Amicable Allegory #8: The right place at the right time

Have you ever had the feeling that your day worked out  exactly how it did  for a very particular reason? Like, when you forgot your coffee one morning, and found your stove burner still turned on when you went in to retrieve your drink? I like to think these are little ways God (or angels or spirits or the flying spaghetti monster) looks out for us, keeps us safe.

Well, I think I just had another one of those moments. My husband and I drove into NYC for the first time yesterday. Usually we take the train, but we have to go to Brooklyn in a few weeks by car, and wanted to do a “dry run” of the journey. Normally I would have tuckered out halfway into the drive (cars make me sleepy), but for some reason, I drove the first few hours without a problem.  We pulled into a rest-area to trade-off driving and fuel up. Even though we had to stop at the food plaza, I drove right past it to the fuel pumps without thinking. There was no lanes to return to the plaza, so while Jake pumped the gas, I ran in and used the ladies room, and when I returned, Jake ran in to use the men’s room. As I sat there waiting for him to come back, an older woman (I’m guessing late 60’s or so) asked me “Is there an attendant around? Do you think they check tire pressure here?” I told her I doubted it, but up ahead there was an air pump, so she could fill up her tires there. Dismayed, she said, “I have no idea how to do it. I just have a light in my car that says the tire pressure is low.” Without hesitation, I replied, “Well, when my husband gets back to the car, we can help you with the tires. We have a tire pressure gauge.” She was elated and very grateful, and I was equally happy we were there to help. When Jake returned, he quickly filled her tires (they all needed 10 pounds of pressure–good thing she stopped) and I chatted with her while we waited. She was impressed us “young people” were so helpful, and I said, “Oh, that’s just how I was raised,” and told her about the Be Nice. project. She asked for my contact information, so I gave her a pamphlet and postcard along with my information. She took me into her arms with a warm, joy-filled hug, and then took Jake’s hand and pressed something into it, thanking us heartedly. We told her no thanks was necessary–we were just happy to be of service, but she insisted we take what she gave us, no arguments allowed. It was a twenty dollar bill.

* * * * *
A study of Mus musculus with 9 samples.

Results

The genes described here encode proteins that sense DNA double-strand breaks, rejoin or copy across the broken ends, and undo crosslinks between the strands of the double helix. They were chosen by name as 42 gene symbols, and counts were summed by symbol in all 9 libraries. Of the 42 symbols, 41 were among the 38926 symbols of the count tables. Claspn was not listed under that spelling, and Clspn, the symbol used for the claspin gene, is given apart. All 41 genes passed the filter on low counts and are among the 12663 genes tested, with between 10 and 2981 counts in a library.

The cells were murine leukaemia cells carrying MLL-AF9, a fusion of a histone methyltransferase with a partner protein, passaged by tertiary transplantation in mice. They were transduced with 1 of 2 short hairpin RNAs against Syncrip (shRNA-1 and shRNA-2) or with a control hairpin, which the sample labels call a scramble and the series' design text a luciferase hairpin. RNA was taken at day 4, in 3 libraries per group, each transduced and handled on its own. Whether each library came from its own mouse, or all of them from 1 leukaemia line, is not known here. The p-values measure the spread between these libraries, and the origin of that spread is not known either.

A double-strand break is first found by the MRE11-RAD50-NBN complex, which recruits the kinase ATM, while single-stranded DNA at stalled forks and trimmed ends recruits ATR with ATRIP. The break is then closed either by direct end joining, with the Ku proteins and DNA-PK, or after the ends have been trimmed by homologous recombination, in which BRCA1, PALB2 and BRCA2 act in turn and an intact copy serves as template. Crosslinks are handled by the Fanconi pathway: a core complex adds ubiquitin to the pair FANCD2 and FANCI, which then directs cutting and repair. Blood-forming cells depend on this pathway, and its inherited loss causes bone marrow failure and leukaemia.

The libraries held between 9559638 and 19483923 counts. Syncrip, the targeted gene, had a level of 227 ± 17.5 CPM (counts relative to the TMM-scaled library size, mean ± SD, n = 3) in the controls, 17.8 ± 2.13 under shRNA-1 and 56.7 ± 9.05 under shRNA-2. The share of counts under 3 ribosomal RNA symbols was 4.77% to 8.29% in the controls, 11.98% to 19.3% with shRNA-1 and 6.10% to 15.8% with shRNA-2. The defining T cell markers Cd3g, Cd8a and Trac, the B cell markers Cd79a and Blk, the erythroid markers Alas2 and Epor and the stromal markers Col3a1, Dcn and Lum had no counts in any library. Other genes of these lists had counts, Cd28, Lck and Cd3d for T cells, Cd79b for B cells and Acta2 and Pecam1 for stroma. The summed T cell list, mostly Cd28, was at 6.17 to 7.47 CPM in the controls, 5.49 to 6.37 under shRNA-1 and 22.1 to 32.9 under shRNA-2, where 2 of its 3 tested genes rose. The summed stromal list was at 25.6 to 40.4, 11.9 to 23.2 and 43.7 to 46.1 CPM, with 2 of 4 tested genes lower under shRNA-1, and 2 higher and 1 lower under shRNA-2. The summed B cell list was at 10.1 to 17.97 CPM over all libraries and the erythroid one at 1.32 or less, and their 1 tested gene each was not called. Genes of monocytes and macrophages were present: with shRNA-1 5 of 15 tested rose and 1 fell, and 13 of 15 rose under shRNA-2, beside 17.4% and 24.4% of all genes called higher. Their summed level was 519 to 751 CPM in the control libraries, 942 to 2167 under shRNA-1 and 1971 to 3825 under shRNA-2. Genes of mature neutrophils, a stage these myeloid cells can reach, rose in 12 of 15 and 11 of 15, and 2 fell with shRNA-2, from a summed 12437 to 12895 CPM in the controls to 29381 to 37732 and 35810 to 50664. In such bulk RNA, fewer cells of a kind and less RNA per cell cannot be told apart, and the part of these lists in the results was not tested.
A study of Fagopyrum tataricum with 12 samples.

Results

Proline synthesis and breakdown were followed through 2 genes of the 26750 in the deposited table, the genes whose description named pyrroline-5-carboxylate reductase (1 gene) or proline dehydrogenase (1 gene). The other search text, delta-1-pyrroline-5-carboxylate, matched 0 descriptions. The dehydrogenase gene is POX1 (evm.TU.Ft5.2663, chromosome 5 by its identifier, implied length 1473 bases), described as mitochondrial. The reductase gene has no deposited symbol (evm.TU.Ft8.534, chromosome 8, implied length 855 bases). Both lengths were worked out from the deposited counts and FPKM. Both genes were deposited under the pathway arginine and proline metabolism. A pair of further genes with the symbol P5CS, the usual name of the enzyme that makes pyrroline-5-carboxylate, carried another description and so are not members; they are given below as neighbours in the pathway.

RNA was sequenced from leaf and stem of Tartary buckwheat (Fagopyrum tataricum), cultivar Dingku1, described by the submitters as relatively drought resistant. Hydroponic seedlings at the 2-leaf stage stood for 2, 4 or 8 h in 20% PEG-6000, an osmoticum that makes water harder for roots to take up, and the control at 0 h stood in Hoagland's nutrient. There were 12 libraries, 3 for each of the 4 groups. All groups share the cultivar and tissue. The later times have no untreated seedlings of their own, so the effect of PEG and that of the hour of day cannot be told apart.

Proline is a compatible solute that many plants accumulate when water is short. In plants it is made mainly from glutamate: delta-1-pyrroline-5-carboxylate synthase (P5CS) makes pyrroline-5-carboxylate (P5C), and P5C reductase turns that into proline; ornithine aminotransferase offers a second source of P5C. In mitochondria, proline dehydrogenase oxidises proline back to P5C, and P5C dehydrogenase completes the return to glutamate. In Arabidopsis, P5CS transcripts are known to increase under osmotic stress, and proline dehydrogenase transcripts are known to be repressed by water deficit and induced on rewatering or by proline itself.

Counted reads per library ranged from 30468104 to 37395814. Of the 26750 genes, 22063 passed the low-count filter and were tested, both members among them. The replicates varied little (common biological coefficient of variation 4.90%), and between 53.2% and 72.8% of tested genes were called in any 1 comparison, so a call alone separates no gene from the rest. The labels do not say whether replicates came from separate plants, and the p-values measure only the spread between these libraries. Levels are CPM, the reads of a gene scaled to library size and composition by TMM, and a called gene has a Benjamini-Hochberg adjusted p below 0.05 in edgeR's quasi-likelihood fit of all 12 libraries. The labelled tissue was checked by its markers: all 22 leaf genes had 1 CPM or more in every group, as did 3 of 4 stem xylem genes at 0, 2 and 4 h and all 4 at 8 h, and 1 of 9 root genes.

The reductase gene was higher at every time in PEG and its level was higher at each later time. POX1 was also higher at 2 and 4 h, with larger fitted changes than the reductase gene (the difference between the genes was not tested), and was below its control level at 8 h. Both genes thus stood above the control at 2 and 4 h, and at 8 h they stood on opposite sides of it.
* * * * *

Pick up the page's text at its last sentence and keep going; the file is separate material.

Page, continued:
Jake and I were blown away by her enormous generosity and gratitude. She had said to us, “Not many people would have helped me, or even paid attention.”  And I thought, “Some people might have even taken advantage of the situation by swindling her or demanding money.” Jake and I were simply happy to help, without a single thought of a reward. The twenty dollars was an unexpected ( and unnecessary) bonus, and it got me thinking. [I’m not meaning this impending thought-stream in any negative way toward our wonderful new friend on the thruway. It just made me wonder….] Wasn’t there a time when people used to help others in need without expecting anything in return? I swear it was like that when I was a kid. Often a proper show of gratitude was a warm smile, a hug or a hand shake, an invitation to dinner, or a thank you note. But today, it seems like repayment or rewards are expected, and the standard currency for gratitude is money. I wonder how that came to be? Is an “I’ll do something, but not for nothing” mentality prevailing in our culture? (This mentality sounds a lot like the attitude, “I’ll give them a wedding gift, but only because they invited me to their party and they’re feeding me.”) Or, is the good feeling of doing what’s right not enough for some people any more?  There was certainly a time when a monetary show of thanks was unnecessary, possibly even offensive. But nowadays, there are people who feel resentment when they are not given “proper”, equivalent, or reciprocal thanks (i.e., a similarly priced gift, an invitation to an equally lavish event, or a monetary reward). What changed?

There are millions of people in the world who do give for the joy of giving, who help strangers because they like to do it. But what saddens me is that there are a large number of folks who give, but with an agenda or an expectation of similar repayment. When did we start keeping track of who-gave-what’s and who-owes-who? And can we find a way to free ourselves from that thinking? Because it costed me nothing but a little bit of time to help that fantastic woman, and it felt so great to know that God put me in just the right place to be able to do it. For me, that was worth more than anything.